By David Morrill,
Walk down the snack aisle of a local grocery store and you’ll find the usual canisters of peanuts, bags of chips and jars of salsa. If Lindsay Olives has its way, you’ll see their cans of olives as well.
Owned by Bell-Carter Foods Inc. of Lafayette, Lindsay Olives is in the process of trying to change its image.
The top U.S. producer of olives wants to maintain its classic feel, yet gear up to target a new generation of olive eaters.
“We understand there’s a heavy tradition with Lindsay Olives, but we also understand there’s a whole new market we can tap into,” said Ken Wienholz, chief executive of Bell-Carter.
Wienholz arrived three years ago and is the first nonfamily CEO. He believes there’s a way to make both long-standing and new customers happy.
“We want to give our brand a look that will not only connect with the older generation that has fond memories with us, but also excite a new generation of customers into looking at olives as a great snack food,” he said.
The company isn’t taking the move lightly. About $4.5 million is going to be spent on the makeover.
The new labels are bright red. At grocery stores such as FoodMaxx, large displays of the cans are set up to draw in new customers.
“As kids, a lot of us remember putting the olives on our fingers and eating them off one by one,” said Robin Robinson, vice president of marketing the company. “We want Lindsay Olives relevant to today’s shoppers.”
Domestically, there are two primary players in the table olive business. Lindsay Olives and Musco Family Olive Co. in Tracy. Bell-Carter comprises roughly 65 percent of the U.S. industry for black olives, with Musco taking up the majority of the remainder, according to Adin Hester, president of Olive Growers Association.
Bell-Carter had revenues of $200 million in 2008, according to Gale Group, which researches private and public companies. More than 90 percent of that comes from the olives.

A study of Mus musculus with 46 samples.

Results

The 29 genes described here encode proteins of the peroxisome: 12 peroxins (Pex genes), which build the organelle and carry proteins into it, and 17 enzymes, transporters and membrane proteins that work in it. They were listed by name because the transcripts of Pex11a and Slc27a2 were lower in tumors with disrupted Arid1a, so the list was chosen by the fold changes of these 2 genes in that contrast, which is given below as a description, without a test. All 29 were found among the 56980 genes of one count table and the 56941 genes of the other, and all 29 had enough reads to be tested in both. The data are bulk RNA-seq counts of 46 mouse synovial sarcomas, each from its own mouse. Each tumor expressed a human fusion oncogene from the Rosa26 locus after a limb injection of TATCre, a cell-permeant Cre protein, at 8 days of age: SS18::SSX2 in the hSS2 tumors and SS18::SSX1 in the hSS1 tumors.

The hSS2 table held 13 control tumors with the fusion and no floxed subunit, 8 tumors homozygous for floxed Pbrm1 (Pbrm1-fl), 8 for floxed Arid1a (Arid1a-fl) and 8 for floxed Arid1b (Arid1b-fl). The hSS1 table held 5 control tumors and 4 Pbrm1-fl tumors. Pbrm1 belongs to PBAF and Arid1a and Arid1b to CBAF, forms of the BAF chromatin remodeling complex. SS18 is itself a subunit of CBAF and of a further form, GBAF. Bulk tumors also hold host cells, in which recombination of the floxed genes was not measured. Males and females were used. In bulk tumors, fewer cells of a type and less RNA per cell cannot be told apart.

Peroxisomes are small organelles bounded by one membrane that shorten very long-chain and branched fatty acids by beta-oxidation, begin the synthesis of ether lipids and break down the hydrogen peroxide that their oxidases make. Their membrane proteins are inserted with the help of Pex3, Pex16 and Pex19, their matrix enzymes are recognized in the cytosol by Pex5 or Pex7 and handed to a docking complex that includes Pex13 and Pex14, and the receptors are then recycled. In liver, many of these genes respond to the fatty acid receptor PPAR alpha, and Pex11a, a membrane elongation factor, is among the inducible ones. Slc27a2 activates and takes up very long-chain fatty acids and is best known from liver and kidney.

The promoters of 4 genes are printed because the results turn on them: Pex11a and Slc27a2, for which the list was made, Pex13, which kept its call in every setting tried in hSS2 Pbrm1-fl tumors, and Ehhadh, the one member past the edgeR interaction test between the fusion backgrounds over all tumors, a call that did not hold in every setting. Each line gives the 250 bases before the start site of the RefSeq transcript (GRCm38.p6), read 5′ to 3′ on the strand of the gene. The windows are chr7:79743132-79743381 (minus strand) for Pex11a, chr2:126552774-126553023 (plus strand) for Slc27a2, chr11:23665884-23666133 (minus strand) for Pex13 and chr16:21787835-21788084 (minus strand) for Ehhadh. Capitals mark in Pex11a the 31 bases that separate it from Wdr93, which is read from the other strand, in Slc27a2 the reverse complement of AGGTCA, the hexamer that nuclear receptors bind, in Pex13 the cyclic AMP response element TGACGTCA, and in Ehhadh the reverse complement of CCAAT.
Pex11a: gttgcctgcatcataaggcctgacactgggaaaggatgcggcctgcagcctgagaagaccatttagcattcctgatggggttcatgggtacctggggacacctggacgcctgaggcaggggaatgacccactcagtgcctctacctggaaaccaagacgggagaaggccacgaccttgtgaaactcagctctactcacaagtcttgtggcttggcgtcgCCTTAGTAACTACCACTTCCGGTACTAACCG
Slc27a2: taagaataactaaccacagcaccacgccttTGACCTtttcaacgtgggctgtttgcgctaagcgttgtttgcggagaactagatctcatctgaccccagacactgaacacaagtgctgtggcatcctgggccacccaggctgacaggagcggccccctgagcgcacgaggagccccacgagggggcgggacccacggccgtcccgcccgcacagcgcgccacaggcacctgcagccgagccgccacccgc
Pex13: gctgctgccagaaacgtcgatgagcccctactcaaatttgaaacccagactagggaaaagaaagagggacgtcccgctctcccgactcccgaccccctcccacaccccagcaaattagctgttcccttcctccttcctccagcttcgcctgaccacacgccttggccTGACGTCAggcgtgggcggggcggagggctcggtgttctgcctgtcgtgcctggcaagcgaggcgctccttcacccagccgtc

Lafayette is where the executives and the day-to-day operations are, but the olives themselves are processed in Corning. About 10 million cases, or 60,000 tons, a year are produced there.
One of the newest product lines are olive snack packs, to encourage customers to eat them straight out of the can with pull tops.
“I think they’re plans to expand the product space and move into snack packs is good, because who carries a can opener with them,” Hester said.
As a whole, the olive industry is doing strong.
Because olive trees are self-pollinating, if the weather is not right, entire crops can be lost. In 2006, a late spring storm caused a “total crop failure.”
“This year we’re looking very good, and we have a strong bloom,” Hester said.
The biggest competition for olives and its black olive brands doesn’t come from mother nature, but from imports. Those bought in stores are still let by domestic olives, but those used by restaurants are often imports.
“Often times I’ll go into a restaurant and ask if the olives are from here, and they say, ‘Of course’ ” Hester said. “I then say prove it, and when you read the label you see it came from somewhere else.”
Hester says he wishes that Bell-Carter and Musco would be a bit less confrontational and do a little more marketing together to try and make people aware of the quality we have here.
For now, Bell-Carter feels the future will be a time where Lindsay Olives makes its splash in the market.
“Five years from now, we hope to have olives reach customers that never considered them before,” Wienholz said. “There’s a lot of opportunity out there that we hope we can reach.”